My gray hair has grown out to a length not seen since I was in my teens, and I’ve gotten used to the appellations for my grandfather status. But I never really felt old until the coronavirus. Being placed in a category that carries a serious risk of death just because I’m over 60 has had an impact on me, and, from talking to other boomers, on our entire generation. I lost a very close friend a few weeks ago whom I had known for nearly 60 years. He was a nurse who did a home visit to an elderly man who was feeling ill after visiting his wife in a nursing home. A week later, both the man and his wife were dead. Two weeks later, my friend was dead at age 66. He had no immune-compromising illnesses.
I retired last August and qualified for Medicare, but I felt pretty good, got married in January, and was looking forward to a new writing career with plans for more travel. I had spent many years working on various projects in South Africa, Northern Ireland, and Vietnam as part of my work at Codman Square Health Center, and had developed friendships with people in those countries whom I planned to visit.
But I won’t be getting on a plane anytime soon.
COVID-19, referred to disparagingly by some young people as the “boomer remover,” has terrified many in my generation. It drives us to distraction seeing the mostly younger white men who run or ride by us not wearing masks. Going into a grocery store takes an act of courage. The governor finally ordered masks to be worn this week, but we can’t imagine why it took so long. We do not visit our grandchildren because we don’t know if they are asymptomatic carriers.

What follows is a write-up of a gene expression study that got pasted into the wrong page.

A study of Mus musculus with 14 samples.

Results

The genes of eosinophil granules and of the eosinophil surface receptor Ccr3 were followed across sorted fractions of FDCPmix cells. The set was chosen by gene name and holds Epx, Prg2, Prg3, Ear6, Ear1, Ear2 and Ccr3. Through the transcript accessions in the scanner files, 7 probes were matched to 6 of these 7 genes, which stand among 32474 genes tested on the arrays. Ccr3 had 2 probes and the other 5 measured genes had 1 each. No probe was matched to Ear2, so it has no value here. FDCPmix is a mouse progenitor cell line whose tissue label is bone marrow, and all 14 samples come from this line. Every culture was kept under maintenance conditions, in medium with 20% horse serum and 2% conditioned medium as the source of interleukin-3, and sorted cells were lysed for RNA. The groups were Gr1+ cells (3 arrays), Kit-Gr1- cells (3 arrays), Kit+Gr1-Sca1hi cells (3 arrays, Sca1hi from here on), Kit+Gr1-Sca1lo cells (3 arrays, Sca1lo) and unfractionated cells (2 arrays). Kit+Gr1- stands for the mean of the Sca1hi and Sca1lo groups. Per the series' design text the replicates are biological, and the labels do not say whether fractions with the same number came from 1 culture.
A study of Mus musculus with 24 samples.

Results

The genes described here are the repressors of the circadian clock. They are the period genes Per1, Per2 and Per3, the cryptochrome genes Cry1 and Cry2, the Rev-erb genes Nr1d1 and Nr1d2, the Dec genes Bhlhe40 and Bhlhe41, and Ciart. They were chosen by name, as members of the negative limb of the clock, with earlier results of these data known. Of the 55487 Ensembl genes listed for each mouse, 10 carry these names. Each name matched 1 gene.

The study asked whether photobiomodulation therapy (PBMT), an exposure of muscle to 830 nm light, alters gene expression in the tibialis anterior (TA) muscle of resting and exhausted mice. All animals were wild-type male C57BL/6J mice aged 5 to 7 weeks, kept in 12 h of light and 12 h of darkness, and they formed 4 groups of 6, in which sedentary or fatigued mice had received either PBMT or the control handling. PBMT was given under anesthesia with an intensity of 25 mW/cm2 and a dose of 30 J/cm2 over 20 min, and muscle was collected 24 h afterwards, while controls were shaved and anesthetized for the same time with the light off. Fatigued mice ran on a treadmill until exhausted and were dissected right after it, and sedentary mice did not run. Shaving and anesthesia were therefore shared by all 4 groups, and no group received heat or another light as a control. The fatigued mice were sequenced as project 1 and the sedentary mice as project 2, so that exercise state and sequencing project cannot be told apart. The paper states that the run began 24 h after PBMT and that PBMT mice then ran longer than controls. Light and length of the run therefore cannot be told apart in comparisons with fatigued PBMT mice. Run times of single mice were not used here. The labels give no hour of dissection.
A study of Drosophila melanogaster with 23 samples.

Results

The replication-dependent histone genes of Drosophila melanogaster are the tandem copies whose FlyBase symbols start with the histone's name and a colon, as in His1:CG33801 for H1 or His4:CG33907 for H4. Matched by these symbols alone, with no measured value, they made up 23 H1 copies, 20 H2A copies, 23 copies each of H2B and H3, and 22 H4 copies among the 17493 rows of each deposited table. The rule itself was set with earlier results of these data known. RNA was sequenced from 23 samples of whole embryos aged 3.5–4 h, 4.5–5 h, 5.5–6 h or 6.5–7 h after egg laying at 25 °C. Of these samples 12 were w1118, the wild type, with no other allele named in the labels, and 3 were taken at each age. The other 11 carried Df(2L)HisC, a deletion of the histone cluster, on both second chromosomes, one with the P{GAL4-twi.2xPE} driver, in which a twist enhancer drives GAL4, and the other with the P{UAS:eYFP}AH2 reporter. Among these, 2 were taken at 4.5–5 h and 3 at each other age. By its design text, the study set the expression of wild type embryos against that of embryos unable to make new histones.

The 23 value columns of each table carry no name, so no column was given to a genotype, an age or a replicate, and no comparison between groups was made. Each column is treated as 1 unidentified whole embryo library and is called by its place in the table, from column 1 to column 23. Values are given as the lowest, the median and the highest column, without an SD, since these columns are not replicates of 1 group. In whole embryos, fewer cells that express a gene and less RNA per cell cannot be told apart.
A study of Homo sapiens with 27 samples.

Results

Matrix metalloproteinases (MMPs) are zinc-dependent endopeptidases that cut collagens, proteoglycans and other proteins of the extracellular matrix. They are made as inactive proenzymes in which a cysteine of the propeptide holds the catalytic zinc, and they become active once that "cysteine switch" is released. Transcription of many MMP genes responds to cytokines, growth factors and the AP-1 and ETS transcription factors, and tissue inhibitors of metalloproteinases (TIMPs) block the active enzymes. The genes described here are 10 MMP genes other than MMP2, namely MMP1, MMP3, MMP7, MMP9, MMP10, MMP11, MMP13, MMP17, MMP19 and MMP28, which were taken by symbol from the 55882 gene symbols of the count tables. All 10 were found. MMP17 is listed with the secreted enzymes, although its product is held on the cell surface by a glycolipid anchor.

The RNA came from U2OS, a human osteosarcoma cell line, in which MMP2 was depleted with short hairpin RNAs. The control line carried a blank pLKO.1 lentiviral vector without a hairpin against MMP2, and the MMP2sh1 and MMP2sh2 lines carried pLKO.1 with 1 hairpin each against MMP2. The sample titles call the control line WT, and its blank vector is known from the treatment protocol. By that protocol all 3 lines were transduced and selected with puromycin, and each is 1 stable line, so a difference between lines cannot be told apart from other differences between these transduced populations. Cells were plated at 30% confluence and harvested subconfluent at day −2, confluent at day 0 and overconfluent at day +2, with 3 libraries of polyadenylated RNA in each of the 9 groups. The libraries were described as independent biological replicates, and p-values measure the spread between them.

The notion that our elected officials are planning to reopen the economy in the next month seems crazy to us. Reopening should follow getting control of the virus, not precede that control. Knowing that a vaccine is a long way off means that, to feel safe, we need to do a testing program on a massive scale, on a regular basis, perhaps every few days for those who want to go back to work or school, and quarantine and contact trace every person who is positive. This plus universal mask wearing would go a long way toward allowing us to feel safe, but to date we don’t have a reliable test and, beyond that, the ability to massively test. And what do we do if other states refuse to do the same thing?
The country seems to be moving toward opening parts of it based on the degree of viral infection. My great fear is that the reopening will be not just be geographic. When I arrived in Dorchester in the early ‘70s, there was a great concern about elderly “shut-ins,” essentially old people who seldom left their homes because they lived in fear. Kit Clark Senior Services was created partly to deal with the shut-in issue in Dorchester. If we can’t get to a plan for everyone feeling safe, I fear we will wind up with a new generation of shut-ins.
We have an understanding of what it will take to allow a reopening. Why is it taking so long to figure out how to massively test? Our country has the greatest number of cases and deaths, but our national effort is about affixing the blame for the outbreak of the virus rather than making it go away. It’s time for “boomers” to exercise our electoral muscle before we can’t.